Barnstable Public Schools strive to ensure “that all children have an opportunity to obtain a high quality education,” according to Superintendent Dr. Mary Czajkowski. Dr. Czajkowski was responding to Cape Cod Today’s questions about ongoing support for high need students as they graduate from Hyannis West Elementary School.
In compiling the story on HyWest’s MCAS results, we asked the superintendent a series of five questions regarding ongoing support for high need students. Given her detailed answer to our questions, we will let Dr. Czajkowski’s own words tell the story.
Cape Cod Today: What continuing support system is in place for the HyWest cohort when they enter Barnstable United? We see a group of kids who, while performing well against their own demographic state-wide, are poured into the melting pot of Barnstable United with students from other Barnstable schools with much higher skill levels.
Dr. Czajkowski: At Barnstable United we do have a Title 1 support program which is a program to ensure that all children have an opportunity to obtain a high quality education. We review the data from all grade 3 students who will be attending Barnstable United to determine those students who will be participating in Title 1 and monitor their progress throughout the year to increase their skill level. The challenge is that all students leave their K-3 elementary schools and are consolidated into one grade 4-5 school. That change in environment and student population can be challenging for some students.
Cape Cod Today: Is the HyWest cohort kept together at Barnstable United (or at Barnstable Intermediate, for that matter?
Dr. Czajkowski: No school’s cohort is kept together. Students enter each school as a member of a new community of students and are placed in classes with other students of varying academic levels. This peer representation allows the students to learn and grow with one another. We do not create homogenous academic groups, we create heterogeneous academic groups.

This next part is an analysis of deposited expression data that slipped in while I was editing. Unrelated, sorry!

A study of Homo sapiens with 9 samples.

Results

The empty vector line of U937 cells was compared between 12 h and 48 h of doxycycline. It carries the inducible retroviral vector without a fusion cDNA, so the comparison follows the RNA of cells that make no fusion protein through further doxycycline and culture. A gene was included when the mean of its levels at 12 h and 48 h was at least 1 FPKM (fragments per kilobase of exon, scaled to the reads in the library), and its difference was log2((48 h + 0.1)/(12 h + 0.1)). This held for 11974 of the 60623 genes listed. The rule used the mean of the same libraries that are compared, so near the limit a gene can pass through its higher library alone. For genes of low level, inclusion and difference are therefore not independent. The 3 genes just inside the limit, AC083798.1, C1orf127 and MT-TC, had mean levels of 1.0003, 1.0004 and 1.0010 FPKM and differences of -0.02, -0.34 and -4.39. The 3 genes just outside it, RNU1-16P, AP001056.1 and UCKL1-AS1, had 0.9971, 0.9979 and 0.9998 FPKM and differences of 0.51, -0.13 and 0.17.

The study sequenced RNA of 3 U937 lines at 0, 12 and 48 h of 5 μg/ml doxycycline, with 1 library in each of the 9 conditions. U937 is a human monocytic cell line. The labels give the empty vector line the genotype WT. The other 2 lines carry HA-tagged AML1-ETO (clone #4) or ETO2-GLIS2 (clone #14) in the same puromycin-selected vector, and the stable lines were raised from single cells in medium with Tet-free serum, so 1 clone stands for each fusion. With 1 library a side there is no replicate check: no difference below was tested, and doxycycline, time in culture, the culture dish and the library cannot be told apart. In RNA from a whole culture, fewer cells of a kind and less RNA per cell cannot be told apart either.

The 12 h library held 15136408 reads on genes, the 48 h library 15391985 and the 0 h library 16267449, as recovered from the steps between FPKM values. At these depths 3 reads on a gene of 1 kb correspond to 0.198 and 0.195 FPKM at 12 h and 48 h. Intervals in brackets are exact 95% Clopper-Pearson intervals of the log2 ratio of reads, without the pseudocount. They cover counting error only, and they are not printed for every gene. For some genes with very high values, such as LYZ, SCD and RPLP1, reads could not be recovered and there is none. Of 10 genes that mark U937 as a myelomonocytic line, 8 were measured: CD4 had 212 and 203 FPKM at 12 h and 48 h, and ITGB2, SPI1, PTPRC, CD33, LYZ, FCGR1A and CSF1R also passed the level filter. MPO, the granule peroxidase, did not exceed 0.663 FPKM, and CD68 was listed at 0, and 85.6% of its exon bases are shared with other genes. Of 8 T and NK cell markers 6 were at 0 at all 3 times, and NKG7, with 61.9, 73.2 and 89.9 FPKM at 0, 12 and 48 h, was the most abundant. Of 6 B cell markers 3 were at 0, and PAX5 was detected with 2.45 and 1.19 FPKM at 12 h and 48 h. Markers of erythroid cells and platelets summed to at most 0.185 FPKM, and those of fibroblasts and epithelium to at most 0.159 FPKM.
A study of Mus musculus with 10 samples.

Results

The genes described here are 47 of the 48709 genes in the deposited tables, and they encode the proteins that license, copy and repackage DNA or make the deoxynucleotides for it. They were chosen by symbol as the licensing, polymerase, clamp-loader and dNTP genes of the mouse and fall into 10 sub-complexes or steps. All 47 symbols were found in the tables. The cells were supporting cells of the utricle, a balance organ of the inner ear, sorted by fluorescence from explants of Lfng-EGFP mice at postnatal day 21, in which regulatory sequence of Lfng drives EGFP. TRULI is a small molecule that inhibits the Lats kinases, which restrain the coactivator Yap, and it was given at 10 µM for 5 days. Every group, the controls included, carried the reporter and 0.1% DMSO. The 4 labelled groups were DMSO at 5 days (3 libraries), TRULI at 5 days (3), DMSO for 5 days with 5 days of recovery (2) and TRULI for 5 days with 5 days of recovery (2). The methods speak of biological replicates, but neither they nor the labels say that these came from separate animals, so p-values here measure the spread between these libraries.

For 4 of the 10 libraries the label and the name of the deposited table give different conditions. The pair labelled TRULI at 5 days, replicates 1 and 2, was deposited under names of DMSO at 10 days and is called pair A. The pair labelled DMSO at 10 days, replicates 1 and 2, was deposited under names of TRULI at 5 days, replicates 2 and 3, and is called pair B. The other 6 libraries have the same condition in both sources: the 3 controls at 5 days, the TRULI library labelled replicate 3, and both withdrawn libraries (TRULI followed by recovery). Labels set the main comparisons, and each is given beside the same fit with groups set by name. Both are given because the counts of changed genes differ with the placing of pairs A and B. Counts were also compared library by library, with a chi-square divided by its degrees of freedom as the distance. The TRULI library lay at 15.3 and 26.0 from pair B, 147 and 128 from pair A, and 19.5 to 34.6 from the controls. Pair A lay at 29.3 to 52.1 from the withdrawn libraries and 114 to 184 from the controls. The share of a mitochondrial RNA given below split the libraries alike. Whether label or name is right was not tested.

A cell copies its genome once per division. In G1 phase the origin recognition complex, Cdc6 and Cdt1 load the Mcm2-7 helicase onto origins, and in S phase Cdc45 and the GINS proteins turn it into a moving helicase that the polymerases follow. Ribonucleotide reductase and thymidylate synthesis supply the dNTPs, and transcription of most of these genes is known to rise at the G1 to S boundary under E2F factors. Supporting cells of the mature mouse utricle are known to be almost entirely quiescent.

Cape Cod Today: Does the district have a continuing support system for this group of children?
Dr. Czajkowski: Yes. We have interventions for all of our students depending on their academic level and social and emotional needs. At Barnstable United, along with Title 1 support programs, we have a summer program, intervention time at the Intermediate school and all schools have structured time with teachers after school.
Cape Cod Today: Does the district have any multi-year comparisons to track how well the HyWest cohort advances/performs versus their classmates who did not attend HyWest?
Dr. Czajkowski: Not at this time. However, our focus is on meeting the needs of every student in every school, every day, every year. Tracking a specific group of students may be informative but it should not take away from the district goal of student achievement academically, socially and emotionally.
Cape Cod Today: Is there a point at which the HyWest cohort starts to perform as well as their non-HyWest classmates?
Dr. Czajkowski: Related to the previous question, we have not reviewed comparative data as we focus on moving students to proficiency for each subject and grade level. Whether it’s one particular school, one particular group or one particular student, our vision is the same: provide a common, standards-based educational program that will enable EVERY student to achieve rigorous performance standards in order to graduate college and career ready.
Looking at district-wide MCAS sub-group breakdowns for Barnstable, it appears that minority, low income and high needs students generally perform better at Barnstable schools than they do state-wide.
According to Dr. Czajkowski, Barnstable’s English Language Learner population has doubled over the past three years. One in three students is receiving free or reduced lunch assistance. With such demographic changes, the district has made an effort to sharpen its focus on individual student skills and needs.
For a diverse school district such as Barnstable (or Dennis-Yarmouth) perhaps the greatest advantage for skill-deficient students is the suite of resources the schools can bring to bear on supporting individual children. In many ways it is easier (and cheaper) to deliver skill recovery in a larger district.
In a recent story about Dennis-Yarmouth and Monomoy’s MCAS scores, we observed how DY’s “engine that could” culture brought their initially low-achieving students to within a few points of tiny Monomoy’s MCAS scores by tenth grade.
So too with Barnstable, student progress will be the most important metric to watch over the next few years.